Describing the motion of a particle which moves with constant speed, but always in the direction of another, moving particle

Imagine you are chasing someone. He is some distance away from you, and without knowing what direction he will run away in, the best option is to run directly toward his current position.

Now if we consider a situation in which the target of your running runs away in a direction perpendicular to the line that connects you to him. For example, he is up against a wall and can only run along along the wall.

If you and the other person have the same maximum running speed, and always run at this speed, my intuition tells me that you will chase him and become closer and closer to him, but never actually reach his position.

I described this as so: The escaping person/particle moves from the origin, along the y-axis in a positive direction. It's position can be described by the equations {x=0, y=t} where t is time, as it moves 1 unit per second. The chasing particle begins at the point (-1,0), and moves towards the other particle with constant speed 1 unit per second, but always in the direction of that other particle.

The situation can be broken down into discrete time units, for example 0.01 seconds. Then an assumption can be made that for the entire 0.01 seconds, the chasing particle moves in the direction of the location the escaping particle was at at the beginning of those 0.01 seconds.

The angle to the horizontal of this direction can be found using $$\frac{y_n-t}{x_n}$$ where $y_n$ is the current y co-ordinate of the chasing particle, and $x_n$ is the current x co-ordinate of the chasing particle. $t$ is the time elapsed, and represents the y co-ordinate of the escaping particle.

Then the horizontal and vertical components of the velocity of the chasing particle can be found. $$v_x=\cos(\arctan(\frac{y_n-t}{x_n}))$$ $$v_y=\sin(\arctan(\frac{y_n-t}{x_n}))$$

For acute angles, (and this is always the case) the above can also be written as $$v_x=\frac{1}{\sqrt{\frac{\left(y_n-t\right){}^2}{x_n^2}+1}}$$ $$v_y=\frac{y_n-t}{x_n \sqrt{\frac{\left(y_n-t\right){}^2}{x_n^2}+1}}$$

Then the position of the chasing particle after 0.01 seconds has elapsed can be written using these velocities, and the time elapsed. $$x_{n+1}=x_n+0.01*\cos(\arctan(\frac{y_n-t}{x_n}))$$ $$y_{n+1}=y_n+0.01*\sin(\arctan(\frac{y_n-t}{x_n}))$$

I could use Excel work out the position of the particle at time t (in multiples of 0.01 seconds). I also repeated this with a time interval of 0.0001 seconds, resulting in much smoother data.

What I wanted was to find the path traced by the chasing particle when the time interval was reduced to 0, i.e. the continuous movement of the particle. above equations are almost parametric: but they contain the other variable. If they did not contain the other variable, then I possibly I could reduce the time interval (the 0.01) to $dt$, a differential of time, and $x_{n+1}-x_n$ to $dx$, and integrate to obtain $x$ as a function of time. This I would repeat with $y$, and therefore obtain parametric equations for $x$ and $y$ in terms of $t$, which would describe the motion of the particle. Unfortunately this is not the case.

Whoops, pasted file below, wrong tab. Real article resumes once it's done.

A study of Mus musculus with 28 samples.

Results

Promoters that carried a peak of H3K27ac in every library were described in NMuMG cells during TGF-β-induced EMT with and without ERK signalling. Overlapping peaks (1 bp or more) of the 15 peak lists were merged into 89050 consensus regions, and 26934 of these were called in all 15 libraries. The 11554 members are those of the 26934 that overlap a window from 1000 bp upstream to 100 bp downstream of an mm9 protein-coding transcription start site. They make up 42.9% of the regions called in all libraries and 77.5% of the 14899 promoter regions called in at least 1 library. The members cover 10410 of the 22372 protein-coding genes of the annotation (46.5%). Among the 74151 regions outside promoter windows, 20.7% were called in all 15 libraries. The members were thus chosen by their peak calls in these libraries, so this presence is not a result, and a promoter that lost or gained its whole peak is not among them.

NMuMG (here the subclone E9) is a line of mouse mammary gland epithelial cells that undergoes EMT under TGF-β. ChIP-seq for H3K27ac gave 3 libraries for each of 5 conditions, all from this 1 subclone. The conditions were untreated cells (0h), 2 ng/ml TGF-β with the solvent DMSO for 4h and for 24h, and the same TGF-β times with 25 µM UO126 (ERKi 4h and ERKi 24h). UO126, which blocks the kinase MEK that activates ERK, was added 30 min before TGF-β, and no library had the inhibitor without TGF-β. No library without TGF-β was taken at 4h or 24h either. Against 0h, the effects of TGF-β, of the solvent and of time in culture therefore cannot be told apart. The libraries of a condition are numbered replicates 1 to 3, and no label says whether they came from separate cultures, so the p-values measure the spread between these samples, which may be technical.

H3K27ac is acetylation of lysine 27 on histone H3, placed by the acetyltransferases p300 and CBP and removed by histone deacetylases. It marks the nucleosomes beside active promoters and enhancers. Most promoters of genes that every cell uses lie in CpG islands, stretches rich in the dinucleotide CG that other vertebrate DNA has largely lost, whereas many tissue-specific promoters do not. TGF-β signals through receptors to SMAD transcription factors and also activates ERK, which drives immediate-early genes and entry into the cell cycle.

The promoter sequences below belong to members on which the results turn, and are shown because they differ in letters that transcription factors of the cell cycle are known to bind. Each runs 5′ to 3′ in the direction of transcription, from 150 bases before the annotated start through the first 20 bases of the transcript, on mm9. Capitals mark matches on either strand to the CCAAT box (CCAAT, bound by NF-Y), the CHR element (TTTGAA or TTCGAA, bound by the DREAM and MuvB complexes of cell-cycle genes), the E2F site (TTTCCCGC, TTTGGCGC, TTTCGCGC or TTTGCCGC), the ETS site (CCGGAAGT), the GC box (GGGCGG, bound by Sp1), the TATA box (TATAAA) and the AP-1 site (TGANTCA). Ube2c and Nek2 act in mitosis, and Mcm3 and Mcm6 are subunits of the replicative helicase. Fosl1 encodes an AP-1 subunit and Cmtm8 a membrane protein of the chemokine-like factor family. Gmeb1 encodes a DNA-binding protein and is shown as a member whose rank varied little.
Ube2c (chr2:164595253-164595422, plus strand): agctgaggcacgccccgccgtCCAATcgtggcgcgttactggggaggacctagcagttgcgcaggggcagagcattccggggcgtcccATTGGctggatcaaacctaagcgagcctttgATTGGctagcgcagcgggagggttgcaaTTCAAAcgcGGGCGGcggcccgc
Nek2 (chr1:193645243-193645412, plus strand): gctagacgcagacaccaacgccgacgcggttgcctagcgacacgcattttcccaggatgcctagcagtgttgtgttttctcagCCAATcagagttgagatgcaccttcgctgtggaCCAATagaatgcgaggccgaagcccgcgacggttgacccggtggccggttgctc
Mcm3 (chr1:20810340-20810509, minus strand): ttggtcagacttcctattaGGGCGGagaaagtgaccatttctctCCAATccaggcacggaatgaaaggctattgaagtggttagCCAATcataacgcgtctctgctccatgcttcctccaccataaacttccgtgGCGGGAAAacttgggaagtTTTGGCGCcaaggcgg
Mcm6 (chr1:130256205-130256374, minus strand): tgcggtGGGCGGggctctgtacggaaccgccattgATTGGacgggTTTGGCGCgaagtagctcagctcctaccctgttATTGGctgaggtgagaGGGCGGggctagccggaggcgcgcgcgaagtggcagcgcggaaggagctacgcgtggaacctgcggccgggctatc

What I have appears similar to the Arithmetic-Geometric mean progression, where two series are dependent on each other to determine the next term in the series. (I'm a high school student, forgive me if there are more obvious examples of interdependent series – I don't know any.) In this case the two series do not converge to the same number however.

The problem is that I don't know where to go from here. I don't know how to separate the variables in order to solve this. If I were to substitute one equation into the other, it would still contain $dx$, $dy$, and either of $x$ or $y$. At this point it might be considered a non-linear differential equation in two variables.

Upon graphing of the data I got from Excel, the result is a curve which begins at (-1,0), and moves upwards and to the right, and approaches the y-axis but is asymptotic to it. I got the graphing program to fit a line to the data using intervals of 0.0001 seconds, and found the beautifully simple equation of $$y=\frac{1}{4} \left(x^2-2 \ln (x)-1\right)$$ to fit the data almost perfectly.

Since it was continuous compounding of a particular operation, I figured it would involve e somehow, and it does. How do you solve this system to obtain that solution? Is there a far simpler way to obtain the solution to this problem?

• You are saying that you have the escaping particle $x$ with $x(0)=(0,0),x'(t)=(0,1)$ for all $t$ (taking the agreed upon speed to be $1$), and the chasing particle $y$ with $y(0)=(-1,0),y'(t)=\frac{x(t)-y(t)}{\| x(t)-y(t) \|}$ for all $t$. Then $x(t)=(0,t)$ so $y'(t)=\frac{(-y_1(t),t-y_2(t))}{\sqrt{y_1(t)^2+(t-y_2(t))^2}}$. This is a system of two nonlinear ordinary differential equations that probably has no exact solution. – Ian May 19 '16 at 20:30
• Numerically it looks like the distance between the two of them decreases in time (as you would expect) to a nonzero limit, which appears to be close to $1/2$. – Ian May 19 '16 at 20:37

This solution is what I've come across online, but I will admit that several of the steps beyond $15$ are a bit beyond me, as it's been a while since I've done differential equations.
In my own Excel model, I assume the particle $P$ behaves like a missile (chaser) and particle $A$ behaves like the target (chased). At time $t=0$, Particle $P$ begins at the origin and moves with constant speed $p$, and particle $A$ begins at the point $(0, 1)$ and moves with velocity $(a, 0)$ (thus with speed $a$). Empirically, assuming $p>a>0$, the $x$-coordinate at impact turns out to be $\frac{pa}{p^2-a^2}$, and thus the time till impact is $\frac{p}{p^2-a^2}$.